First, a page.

This week the YEP is shining the spotlight on community-led housing in Leeds, its bid to offer an alternative to volume housebuilders and the work taking place across the city to put people - not profit - at the heart of housing.
Joanna Wardill looks at a community association’s plans to build houses on a Leeds estate and how charities and organisations are helping the city’s vulnerable find homes.
What the New Wortley Community Association is doing down on one of Leeds’ most troubled estates is another example of how community-led housing can work in the city.
Fresh from the success of managing the build of a brand new community centre, which opened earlier this year, the association is embarking on its next large-scale building project on the Holdforths and Clydes estate - houses.
Project manager Bill Graham said residents want to see areas of land on the estate where youths congregate turned into affordable housing.
And rather than see a bog standard developer snap up the land for profit-making properties, the association has decided to have a go themselves at building exactly what the community wants to see.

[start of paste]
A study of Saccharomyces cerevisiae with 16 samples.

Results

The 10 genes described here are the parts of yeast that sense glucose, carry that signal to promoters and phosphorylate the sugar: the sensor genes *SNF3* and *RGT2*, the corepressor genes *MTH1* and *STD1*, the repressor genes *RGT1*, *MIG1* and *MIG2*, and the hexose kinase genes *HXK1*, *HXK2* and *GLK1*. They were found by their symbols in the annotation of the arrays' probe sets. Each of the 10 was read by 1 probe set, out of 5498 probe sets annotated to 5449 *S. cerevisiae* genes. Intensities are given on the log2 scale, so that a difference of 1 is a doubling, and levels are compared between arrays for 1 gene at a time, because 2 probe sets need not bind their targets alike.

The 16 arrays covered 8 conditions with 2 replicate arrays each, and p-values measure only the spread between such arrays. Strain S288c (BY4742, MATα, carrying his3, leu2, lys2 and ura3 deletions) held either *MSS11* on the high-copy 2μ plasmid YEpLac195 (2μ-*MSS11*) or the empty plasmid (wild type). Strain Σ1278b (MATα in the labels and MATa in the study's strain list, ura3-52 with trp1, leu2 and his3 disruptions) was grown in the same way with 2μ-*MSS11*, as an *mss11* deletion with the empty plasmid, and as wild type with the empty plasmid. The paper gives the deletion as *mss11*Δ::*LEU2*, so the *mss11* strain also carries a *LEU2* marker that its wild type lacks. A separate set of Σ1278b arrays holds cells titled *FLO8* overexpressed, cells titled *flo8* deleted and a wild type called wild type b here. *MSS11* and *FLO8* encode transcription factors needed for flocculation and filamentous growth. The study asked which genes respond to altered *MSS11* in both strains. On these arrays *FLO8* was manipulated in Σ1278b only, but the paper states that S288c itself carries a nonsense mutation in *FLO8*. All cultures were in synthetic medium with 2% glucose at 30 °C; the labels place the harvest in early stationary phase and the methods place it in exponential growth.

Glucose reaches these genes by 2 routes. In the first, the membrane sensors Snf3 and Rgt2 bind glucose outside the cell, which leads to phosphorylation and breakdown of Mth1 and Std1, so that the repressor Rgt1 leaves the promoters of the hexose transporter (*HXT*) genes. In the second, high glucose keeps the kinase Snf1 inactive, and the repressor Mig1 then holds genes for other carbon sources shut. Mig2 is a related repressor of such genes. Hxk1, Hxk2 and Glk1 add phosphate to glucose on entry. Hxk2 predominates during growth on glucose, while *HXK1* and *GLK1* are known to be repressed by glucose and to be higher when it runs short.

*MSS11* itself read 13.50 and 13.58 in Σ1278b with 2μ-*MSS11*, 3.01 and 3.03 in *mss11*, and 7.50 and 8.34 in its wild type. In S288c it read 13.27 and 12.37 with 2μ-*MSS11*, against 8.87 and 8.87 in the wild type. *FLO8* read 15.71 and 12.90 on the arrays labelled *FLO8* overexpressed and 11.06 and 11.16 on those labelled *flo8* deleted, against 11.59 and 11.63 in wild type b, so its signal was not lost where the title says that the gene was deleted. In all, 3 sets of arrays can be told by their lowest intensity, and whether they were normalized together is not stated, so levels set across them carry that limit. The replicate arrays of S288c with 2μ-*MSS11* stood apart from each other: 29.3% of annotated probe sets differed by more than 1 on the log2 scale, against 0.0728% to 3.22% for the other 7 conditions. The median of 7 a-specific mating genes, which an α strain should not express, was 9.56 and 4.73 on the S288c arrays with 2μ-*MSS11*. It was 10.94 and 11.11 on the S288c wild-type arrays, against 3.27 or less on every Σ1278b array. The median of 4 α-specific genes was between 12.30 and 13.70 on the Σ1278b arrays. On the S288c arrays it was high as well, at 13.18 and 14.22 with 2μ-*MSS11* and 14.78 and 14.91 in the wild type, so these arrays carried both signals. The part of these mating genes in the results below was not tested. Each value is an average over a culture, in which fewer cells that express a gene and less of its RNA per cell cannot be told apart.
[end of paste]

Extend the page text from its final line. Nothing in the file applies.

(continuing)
Bill said: “I think, through the community association, with a lot of the local residents involved, it’s in our interests to design and build the housing in a way that enhances all of the estate, rather than seeing something happen in the future which doesn’t do that.
“It’s not just a case of ‘we want to build houses’. We want like to see housing as a solution to some of the other problems in the area.
“It’s revamping and improving a challenged neighbourhood in Leeds. Creating sustainable and good quality housing certainly helps with other things like the crime and safety aspects of the estate.”
The group has secured a £75,000 grant from national fund Power to Change to develop proposals to build up to 12 homes on the estate.
The plan is for the whole plot to become affordable rented housing, with rent set at around 80 per cent of market rate.
Discussions are ongoing over who will live in the homes but bosses are currently studying a similar set-up in Hull, where 50 per cent of tenants came from the council’s housing lists and the other 50 per cent applied through the community association.
Bill said lots of public consultation is being planned to make sure the estate’s residents are involved every step of the way.
“We’ll have door to door conversations, public events, some co-design sessions - all to determine what they would like to see on the land.
“Hopefully it will generate a really special community-led scheme which the community will be proud of and will address the issues in the area.”